The removal of nuclear debris from Japan’s crippled Fukushima power plant will be delayed by about a year, because the pandemic has set back development of specialised equipment, the plant’s operator said Thursday, AFP reported.

A decade after the nation’s worst nuclear crisis was triggered by a tsunami, the Tokyo Electric Power Co (TEPCO) had been scheduled to remove melted fuel from inside one of the damaged reactors starting next year.

This step is considered the most difficult of the massive ‘decommissioning programme’, which itself is expected to take around three to four decades to complete. 

Chief decommissioning officer Akira Ono told a news conference that a recent spike in COVID-19 infections in the UK had delayed TEPCO’s plans to develop a robot arm in Britain.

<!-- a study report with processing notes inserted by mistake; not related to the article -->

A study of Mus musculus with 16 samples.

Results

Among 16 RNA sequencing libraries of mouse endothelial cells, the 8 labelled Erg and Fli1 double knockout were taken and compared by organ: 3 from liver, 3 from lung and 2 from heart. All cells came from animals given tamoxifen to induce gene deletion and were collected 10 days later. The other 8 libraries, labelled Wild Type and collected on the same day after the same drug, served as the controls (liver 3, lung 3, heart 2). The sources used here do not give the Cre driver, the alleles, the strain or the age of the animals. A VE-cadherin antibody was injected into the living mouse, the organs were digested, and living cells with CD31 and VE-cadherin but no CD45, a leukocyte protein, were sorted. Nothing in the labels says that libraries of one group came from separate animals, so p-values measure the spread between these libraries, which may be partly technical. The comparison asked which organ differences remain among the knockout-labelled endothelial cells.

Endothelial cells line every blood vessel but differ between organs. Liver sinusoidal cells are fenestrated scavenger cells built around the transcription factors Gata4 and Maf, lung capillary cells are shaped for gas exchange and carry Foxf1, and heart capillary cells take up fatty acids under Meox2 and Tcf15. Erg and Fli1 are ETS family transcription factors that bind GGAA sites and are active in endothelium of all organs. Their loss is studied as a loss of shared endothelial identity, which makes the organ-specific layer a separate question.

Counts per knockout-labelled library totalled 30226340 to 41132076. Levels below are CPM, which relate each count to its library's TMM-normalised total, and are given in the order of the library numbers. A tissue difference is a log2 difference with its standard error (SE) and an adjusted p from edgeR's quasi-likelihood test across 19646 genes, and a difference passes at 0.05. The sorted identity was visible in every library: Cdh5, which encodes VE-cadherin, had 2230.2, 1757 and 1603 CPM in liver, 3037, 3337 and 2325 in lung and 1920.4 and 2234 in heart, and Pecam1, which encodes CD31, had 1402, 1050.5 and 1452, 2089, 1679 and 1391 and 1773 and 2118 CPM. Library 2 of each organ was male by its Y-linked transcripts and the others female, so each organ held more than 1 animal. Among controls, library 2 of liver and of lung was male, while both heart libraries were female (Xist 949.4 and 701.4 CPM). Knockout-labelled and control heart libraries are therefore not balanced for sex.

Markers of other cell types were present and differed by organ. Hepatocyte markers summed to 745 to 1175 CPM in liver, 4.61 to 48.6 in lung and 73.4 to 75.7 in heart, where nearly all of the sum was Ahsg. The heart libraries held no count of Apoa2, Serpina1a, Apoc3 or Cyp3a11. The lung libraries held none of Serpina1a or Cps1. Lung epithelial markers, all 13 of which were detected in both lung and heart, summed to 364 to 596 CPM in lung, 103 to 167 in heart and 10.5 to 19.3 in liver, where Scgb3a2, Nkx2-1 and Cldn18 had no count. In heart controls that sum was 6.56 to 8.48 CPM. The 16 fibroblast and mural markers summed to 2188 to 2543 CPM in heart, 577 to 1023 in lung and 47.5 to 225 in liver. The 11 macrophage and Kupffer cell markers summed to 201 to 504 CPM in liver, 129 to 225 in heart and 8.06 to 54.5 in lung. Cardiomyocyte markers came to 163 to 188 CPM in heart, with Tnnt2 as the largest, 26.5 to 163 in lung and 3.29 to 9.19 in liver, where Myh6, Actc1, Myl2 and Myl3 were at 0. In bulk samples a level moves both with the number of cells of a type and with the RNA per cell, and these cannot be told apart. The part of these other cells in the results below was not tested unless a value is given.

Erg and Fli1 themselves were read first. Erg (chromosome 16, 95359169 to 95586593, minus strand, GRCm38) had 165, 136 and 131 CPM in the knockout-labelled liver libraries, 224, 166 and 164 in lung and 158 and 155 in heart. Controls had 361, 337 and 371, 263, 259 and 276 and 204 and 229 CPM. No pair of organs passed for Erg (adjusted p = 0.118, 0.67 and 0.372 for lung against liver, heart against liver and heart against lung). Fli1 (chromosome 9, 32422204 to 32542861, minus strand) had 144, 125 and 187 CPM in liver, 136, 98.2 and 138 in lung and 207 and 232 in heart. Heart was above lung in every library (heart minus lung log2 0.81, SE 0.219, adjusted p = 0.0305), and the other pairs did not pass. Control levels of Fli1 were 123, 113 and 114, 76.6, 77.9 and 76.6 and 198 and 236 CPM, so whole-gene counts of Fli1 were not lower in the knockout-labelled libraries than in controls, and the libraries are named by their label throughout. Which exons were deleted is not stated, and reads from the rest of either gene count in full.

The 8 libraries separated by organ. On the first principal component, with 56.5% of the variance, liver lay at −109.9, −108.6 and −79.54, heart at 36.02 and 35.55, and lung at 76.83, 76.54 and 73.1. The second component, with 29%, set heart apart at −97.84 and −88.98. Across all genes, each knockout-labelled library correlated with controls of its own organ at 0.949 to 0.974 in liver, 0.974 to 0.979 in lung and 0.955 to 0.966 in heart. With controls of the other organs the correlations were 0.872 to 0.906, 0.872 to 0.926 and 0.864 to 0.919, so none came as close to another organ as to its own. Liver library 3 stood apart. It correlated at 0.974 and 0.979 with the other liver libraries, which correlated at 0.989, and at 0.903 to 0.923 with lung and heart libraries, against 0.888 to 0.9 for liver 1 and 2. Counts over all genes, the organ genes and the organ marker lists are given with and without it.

“It will now be difficult to transfer the system in January as scheduled,” Ono said, as per AFP reports.

The removal process is expected to take several years for the number two unit, which is estimated to contain some 237 tonnes of debris, Kyodo News said, as per AFP reports.

According to Ono, the “regrettable” delay was unlikely to affect the team’s plan to decommission the plant between 2041 and 2051. He added that he hoped the delay would be limited to a year.

The company also faces other difficult challenges, including figuring out how to dispose large quantities of contaminated water stored in containers at the plant site.

In the worst nuclear disaster since Chernobyl in 1986, reactors one, two and three at the Fukushima Daiichi power plant melted down after a deadly earthquake and tsunami struck Japan in 2011, forcing the evacuation of areas near the plant.